Take a look at these four stocks, all of them big names in mobile devices and the software powering them: Apple (NASDAQ:AAPL), Google (NASDAQ:GOOG), Nokia (NYSE:NOK) and Research In Motion (NASDAQ:RIMM).
Now consider that, in the past three weeks, two of the names have greatly outperformed the Dow Jones Industrial Average, and the other two have underperformed. Can you name the two outperformers?
The answer is easy if you’ve noticed that this has become the bizarro stock market for mobile devices. Before Monday’s broad market selloff, Nokia was up 36% in those three weeks and RIM was up 44%. The Dow had risen a much more modest 7%. And Apple and Google? The former was up 5%, and the latter was down 3%.
What’s going on? Explaining the underperformance of Apple and Google is easy. Despite a broad consensus that Apple will continue to thrive without Steve Jobs, for a few years at least, the news of his stepping down as CEO has given investors pause. And the bold, unexpected move by Google to buy Motorola Mobility for $12.5 billion had added a lot of risk to that company’s future outlook.
What’s harder to explain is why a stock market that is not exactly in a bullish mood has decided that both Nokia and RIM are worth several billion dollars more than they were only three weeks ago.
It’s not that a late summer heat wave muddled consumers’ minds enough that they thought that buying a Playbook tablet or a Blackberry or a Symbian smartphone. In fact, signs point to the opposite: RIM’s share of the smartphone market declined in July, and Best Buy is slashing Playbook prices to bargain levels. Sales of newer Blackberries are just as cold, while Nokia persuaded consumers to shun its mobile devices once it’s partnered with Microsoft.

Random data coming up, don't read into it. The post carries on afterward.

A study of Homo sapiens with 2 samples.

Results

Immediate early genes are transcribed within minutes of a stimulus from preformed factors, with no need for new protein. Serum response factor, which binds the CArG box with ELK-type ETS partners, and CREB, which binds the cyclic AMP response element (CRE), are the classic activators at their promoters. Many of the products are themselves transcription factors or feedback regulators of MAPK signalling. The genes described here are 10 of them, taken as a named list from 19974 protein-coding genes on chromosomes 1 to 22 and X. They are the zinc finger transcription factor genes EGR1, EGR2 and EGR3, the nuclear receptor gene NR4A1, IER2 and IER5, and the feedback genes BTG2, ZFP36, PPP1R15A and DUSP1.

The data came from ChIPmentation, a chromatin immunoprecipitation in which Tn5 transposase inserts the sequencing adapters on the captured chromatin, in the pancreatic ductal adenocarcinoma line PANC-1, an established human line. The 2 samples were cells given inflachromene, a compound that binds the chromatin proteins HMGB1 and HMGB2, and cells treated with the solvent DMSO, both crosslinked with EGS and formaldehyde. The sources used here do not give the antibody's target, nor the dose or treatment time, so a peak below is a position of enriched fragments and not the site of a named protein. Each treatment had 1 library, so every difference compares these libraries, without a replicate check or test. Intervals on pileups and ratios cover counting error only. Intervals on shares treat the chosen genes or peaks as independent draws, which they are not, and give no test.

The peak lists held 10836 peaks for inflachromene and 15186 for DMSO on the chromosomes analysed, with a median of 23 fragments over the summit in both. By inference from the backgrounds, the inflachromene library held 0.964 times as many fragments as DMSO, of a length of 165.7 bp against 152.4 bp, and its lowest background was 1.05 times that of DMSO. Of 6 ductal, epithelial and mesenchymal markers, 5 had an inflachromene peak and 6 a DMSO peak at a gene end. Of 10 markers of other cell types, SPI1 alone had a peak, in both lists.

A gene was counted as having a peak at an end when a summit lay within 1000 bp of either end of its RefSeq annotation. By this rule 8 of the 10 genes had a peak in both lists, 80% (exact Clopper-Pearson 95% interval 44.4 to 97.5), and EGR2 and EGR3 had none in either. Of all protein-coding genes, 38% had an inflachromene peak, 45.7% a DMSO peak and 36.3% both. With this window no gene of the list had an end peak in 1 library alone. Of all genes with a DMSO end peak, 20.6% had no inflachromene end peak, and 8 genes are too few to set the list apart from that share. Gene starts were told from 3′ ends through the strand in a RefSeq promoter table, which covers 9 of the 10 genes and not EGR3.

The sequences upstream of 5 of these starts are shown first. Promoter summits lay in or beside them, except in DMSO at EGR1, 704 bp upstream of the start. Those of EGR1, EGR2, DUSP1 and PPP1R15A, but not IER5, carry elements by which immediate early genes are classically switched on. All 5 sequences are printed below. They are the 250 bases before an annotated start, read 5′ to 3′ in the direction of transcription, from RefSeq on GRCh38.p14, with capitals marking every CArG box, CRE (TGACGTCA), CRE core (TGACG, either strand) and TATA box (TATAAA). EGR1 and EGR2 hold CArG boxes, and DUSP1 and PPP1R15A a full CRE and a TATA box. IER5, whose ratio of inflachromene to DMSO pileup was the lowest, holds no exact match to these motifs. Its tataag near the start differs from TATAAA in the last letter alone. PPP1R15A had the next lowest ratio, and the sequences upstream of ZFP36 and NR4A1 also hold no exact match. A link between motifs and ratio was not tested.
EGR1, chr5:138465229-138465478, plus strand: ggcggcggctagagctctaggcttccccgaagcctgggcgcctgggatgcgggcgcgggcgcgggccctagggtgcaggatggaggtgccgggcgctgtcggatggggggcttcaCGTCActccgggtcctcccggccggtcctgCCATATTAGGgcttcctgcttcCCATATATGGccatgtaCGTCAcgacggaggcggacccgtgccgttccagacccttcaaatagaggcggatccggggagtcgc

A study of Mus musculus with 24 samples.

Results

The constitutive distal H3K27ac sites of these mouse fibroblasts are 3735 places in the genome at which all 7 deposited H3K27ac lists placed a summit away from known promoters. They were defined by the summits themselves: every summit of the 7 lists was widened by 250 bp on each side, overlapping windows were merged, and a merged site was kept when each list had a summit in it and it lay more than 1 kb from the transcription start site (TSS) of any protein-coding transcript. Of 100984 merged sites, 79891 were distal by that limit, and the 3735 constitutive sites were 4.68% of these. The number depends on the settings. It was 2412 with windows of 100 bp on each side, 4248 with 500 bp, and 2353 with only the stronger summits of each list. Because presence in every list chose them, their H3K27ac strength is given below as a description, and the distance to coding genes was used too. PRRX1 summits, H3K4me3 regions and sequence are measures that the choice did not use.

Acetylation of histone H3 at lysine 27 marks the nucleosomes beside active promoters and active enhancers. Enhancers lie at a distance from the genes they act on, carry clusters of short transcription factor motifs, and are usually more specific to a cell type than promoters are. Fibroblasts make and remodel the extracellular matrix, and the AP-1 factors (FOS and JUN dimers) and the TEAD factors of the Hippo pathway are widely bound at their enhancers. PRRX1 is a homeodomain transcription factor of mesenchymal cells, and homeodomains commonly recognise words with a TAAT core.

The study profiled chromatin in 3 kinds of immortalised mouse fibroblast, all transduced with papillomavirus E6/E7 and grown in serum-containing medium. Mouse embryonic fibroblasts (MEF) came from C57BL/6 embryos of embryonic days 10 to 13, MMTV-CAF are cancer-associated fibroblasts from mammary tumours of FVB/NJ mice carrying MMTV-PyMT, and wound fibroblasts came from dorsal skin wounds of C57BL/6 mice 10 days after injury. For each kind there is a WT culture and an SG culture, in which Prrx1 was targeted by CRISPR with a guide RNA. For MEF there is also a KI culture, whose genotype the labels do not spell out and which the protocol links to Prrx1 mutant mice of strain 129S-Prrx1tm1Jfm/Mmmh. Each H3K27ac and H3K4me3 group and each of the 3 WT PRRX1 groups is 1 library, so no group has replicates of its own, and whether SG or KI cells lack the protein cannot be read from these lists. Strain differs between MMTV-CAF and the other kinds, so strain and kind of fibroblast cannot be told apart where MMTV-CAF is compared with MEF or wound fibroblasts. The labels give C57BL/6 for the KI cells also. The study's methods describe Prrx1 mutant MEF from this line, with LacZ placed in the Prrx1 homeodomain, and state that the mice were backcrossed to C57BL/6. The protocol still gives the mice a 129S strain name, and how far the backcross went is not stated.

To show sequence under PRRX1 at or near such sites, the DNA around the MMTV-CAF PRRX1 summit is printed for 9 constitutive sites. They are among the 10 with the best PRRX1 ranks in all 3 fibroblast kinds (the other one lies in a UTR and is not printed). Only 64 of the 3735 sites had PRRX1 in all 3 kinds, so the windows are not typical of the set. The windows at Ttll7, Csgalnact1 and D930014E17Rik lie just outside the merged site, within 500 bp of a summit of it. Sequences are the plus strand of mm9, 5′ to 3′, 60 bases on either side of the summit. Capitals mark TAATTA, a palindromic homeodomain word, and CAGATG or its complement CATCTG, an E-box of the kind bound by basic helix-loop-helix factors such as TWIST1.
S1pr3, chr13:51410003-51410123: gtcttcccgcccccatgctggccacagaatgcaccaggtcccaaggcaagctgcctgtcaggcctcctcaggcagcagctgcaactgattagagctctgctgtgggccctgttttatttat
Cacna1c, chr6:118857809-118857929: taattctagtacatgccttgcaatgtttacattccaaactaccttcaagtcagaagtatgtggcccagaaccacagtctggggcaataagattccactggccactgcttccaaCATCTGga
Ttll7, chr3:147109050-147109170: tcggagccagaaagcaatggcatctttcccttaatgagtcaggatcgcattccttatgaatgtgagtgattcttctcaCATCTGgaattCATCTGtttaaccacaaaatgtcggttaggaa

No, the rallies in NOK and RIMM have the straw-clutching logic of severe bear markets. Nokia’s shares are down 83% from highs posted nearly four years ago, while RIMM is down 78% from the sunny summer of 2008. Between them, Apple’s iOS mobile platform and Google’s Android have sucked four-fifths of the market value from both Nokia and RIM. And bottom-fishers are riding the bounce from that brutal ride down.
With Nokia, there are rationalizations aplenty for buying the stock. As the bullish argument goes, Microsoft (NASDAQ:MSFT) is partnering with Nokia to sell smartphones. But if you’d read Investorplace in February, you’d know this argument is suspect. Nokia bulls might argue that there is room for three smartphone platforms in the market, but that overlooks another fact: Developers have the time and patience for one or maybe two platforms. And in the long run, consumers aren’t going to go crazy for a smartphone that doesn’t have many apps.
In fact, Nokia slumped for months after agreeing to partner with Microsoft. That has less to do with Microsoft’s Windows Phone 7, which is winning positive reviews, and more to do with the costs Nokia will face in coming years to disentangle itself from its in-house software.